A judge in the Superior Court of the District of Columbia is allowing a defamation suit that climate scientist Michael Mann filed against conservative commentators to move forward.
Last year, Mann sued the National Review and the Competitive Enterprise Institute over blog posts accusing him of lying about climate science. The NRO post called his research “fraudulent,” and the CEI post accused him of “scientific misconduct.” NRO also twice quoted another blogger who referred to Mann as “the Jerry Sandusky of climate science,” comparing him to the Pennsylvania State University football coach convicted of child molestation last year.
Blue Marble readers have certainly heard Mann’s story before. The Penn State climate scientist has been the subject of a relentless assault from climate skeptics over the years, largely tracing back to a chart of global temperature records that he coauthored that showed a sharp uptick in the industrial era.
The judge issued two decisions on July 19 allowing Mann’s suits to go forward. The plaintiffs had each filed a motion to dismiss, arguing that the First Amendment protects their right to say that sort of stuff online. But the judge didn’t agree. Here’s a key part of the decision on the CEI suit (via Climate Science Watch) in which the judge asserts that the blogger was not just stating opinions, but that he was making factual claims about Mann’s work that could be proven false:
Defendants argue that the accusation that Plaintiff’s work is fraudulent may not necessarily be taken as based in fact because the writers for the publication are tasked with and posed to view work critically and interpose (brutally) honest commentary. In this case, however, the evidence before the Court, at this stage, demonstrates something more and different than honest or even brutally honest commentary.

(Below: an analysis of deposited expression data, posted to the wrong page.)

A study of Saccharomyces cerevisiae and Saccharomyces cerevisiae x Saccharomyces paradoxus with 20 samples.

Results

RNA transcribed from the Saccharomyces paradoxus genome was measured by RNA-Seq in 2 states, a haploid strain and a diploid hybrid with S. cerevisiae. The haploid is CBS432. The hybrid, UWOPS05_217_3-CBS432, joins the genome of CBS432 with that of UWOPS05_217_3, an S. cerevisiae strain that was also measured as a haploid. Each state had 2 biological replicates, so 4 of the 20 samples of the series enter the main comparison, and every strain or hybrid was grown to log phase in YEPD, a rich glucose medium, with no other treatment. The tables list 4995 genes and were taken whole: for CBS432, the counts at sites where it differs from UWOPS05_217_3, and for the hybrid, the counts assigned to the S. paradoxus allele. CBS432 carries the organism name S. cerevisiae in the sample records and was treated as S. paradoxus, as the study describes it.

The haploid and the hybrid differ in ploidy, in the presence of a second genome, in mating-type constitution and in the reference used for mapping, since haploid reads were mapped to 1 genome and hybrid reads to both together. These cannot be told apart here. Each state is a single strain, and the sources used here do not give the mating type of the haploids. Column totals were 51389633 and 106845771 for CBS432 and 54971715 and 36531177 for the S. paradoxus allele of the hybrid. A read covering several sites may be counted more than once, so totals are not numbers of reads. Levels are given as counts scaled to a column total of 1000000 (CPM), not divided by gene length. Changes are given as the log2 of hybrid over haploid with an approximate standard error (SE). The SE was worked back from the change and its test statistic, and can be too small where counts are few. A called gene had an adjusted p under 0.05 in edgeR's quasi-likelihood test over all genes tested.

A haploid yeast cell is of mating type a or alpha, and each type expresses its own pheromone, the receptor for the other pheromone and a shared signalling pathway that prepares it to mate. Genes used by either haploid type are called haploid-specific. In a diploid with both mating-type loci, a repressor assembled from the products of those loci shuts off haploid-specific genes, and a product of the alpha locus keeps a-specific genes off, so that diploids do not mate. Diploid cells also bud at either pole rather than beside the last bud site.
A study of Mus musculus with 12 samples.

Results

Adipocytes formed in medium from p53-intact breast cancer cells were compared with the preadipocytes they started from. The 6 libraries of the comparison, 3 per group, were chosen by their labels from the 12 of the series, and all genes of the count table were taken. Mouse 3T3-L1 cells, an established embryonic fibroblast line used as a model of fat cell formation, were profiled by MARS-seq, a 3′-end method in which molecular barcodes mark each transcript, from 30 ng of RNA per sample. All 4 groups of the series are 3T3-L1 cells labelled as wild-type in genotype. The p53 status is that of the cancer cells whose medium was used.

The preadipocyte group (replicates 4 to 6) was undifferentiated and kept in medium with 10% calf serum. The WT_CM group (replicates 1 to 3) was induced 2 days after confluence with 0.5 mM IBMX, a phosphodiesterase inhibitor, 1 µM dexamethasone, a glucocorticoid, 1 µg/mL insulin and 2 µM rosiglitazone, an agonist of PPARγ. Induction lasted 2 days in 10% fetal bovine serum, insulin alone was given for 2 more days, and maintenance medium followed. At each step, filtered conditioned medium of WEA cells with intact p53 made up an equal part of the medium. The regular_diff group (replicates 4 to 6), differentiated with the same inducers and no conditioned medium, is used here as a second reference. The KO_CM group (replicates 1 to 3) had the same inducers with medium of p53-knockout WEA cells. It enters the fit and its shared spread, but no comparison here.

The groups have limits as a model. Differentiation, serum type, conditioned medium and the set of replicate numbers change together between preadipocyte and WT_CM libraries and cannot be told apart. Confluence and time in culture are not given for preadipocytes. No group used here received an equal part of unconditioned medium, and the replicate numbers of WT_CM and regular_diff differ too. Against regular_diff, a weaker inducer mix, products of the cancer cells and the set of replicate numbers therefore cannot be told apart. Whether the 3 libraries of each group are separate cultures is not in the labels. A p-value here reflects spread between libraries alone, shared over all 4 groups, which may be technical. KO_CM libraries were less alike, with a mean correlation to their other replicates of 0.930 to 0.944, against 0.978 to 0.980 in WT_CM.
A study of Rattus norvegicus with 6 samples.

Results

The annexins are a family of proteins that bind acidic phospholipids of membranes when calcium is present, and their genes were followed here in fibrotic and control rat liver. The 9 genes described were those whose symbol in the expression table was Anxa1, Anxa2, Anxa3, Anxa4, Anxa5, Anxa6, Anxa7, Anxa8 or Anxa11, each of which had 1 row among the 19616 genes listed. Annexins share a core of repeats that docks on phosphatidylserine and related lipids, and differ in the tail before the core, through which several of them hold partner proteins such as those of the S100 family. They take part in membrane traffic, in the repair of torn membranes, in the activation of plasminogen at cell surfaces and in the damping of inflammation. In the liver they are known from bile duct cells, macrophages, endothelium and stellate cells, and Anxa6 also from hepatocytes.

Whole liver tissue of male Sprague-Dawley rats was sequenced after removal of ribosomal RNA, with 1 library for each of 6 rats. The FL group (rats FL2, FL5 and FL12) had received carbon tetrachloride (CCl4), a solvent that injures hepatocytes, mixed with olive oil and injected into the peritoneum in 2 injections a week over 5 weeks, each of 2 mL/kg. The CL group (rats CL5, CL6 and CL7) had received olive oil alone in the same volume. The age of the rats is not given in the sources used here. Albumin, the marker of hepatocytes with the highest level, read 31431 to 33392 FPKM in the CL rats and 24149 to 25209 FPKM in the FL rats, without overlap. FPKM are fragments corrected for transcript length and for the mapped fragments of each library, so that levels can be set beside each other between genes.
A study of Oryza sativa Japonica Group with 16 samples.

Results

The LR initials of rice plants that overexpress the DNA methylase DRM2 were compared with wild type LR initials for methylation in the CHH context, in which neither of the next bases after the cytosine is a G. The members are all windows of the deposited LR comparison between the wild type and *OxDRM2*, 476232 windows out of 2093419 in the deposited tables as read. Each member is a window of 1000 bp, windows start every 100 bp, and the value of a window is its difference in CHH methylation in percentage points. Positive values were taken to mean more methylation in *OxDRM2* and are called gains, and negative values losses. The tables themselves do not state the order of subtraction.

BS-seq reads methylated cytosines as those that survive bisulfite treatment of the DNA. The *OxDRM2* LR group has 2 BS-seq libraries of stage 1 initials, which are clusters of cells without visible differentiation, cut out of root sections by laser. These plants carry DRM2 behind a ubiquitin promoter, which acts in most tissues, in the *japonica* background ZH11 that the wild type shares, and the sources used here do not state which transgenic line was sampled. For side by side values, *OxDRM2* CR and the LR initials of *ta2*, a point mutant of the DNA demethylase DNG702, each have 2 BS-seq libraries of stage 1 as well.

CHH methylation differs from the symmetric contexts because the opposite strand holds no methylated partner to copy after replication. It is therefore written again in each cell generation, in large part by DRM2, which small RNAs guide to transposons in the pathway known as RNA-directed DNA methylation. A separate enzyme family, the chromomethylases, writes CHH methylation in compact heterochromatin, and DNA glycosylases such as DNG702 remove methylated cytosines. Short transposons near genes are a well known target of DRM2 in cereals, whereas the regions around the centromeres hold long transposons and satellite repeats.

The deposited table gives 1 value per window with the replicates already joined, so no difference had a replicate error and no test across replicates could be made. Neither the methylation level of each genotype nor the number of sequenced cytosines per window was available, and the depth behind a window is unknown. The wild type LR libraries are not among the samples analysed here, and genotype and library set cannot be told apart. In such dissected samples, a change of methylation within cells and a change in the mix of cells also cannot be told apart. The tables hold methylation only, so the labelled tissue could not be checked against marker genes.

The judge continued:
Plaintiff has been investigated several times and his work has been found to be accurate. In fact, some of these investigations have been due to the accusations made by the CEI Defendants. It follows that if anyone should be aware of the accuracy (or findings that the work of Plaintiff is sound), it would be the CEI Defendants. Thus, it is fair to say that the CEI Defendants continue to criticize Plaintiff due to a reckless disregard for truth. Criticism of Plaintiff’s work may be fair and he and his work may be put to the test. Where, however the CEI Defendants consistently claim that Plaintiff’s work is inaccurate (despite being proven as accurate) then there is a strong probability that the CEI Defendants disregarded the falsity of their statements and did so with reckless disregard.
The full National Review ruling is here and the CEI ruling here. The parties are scheduled to be back in court on September 27.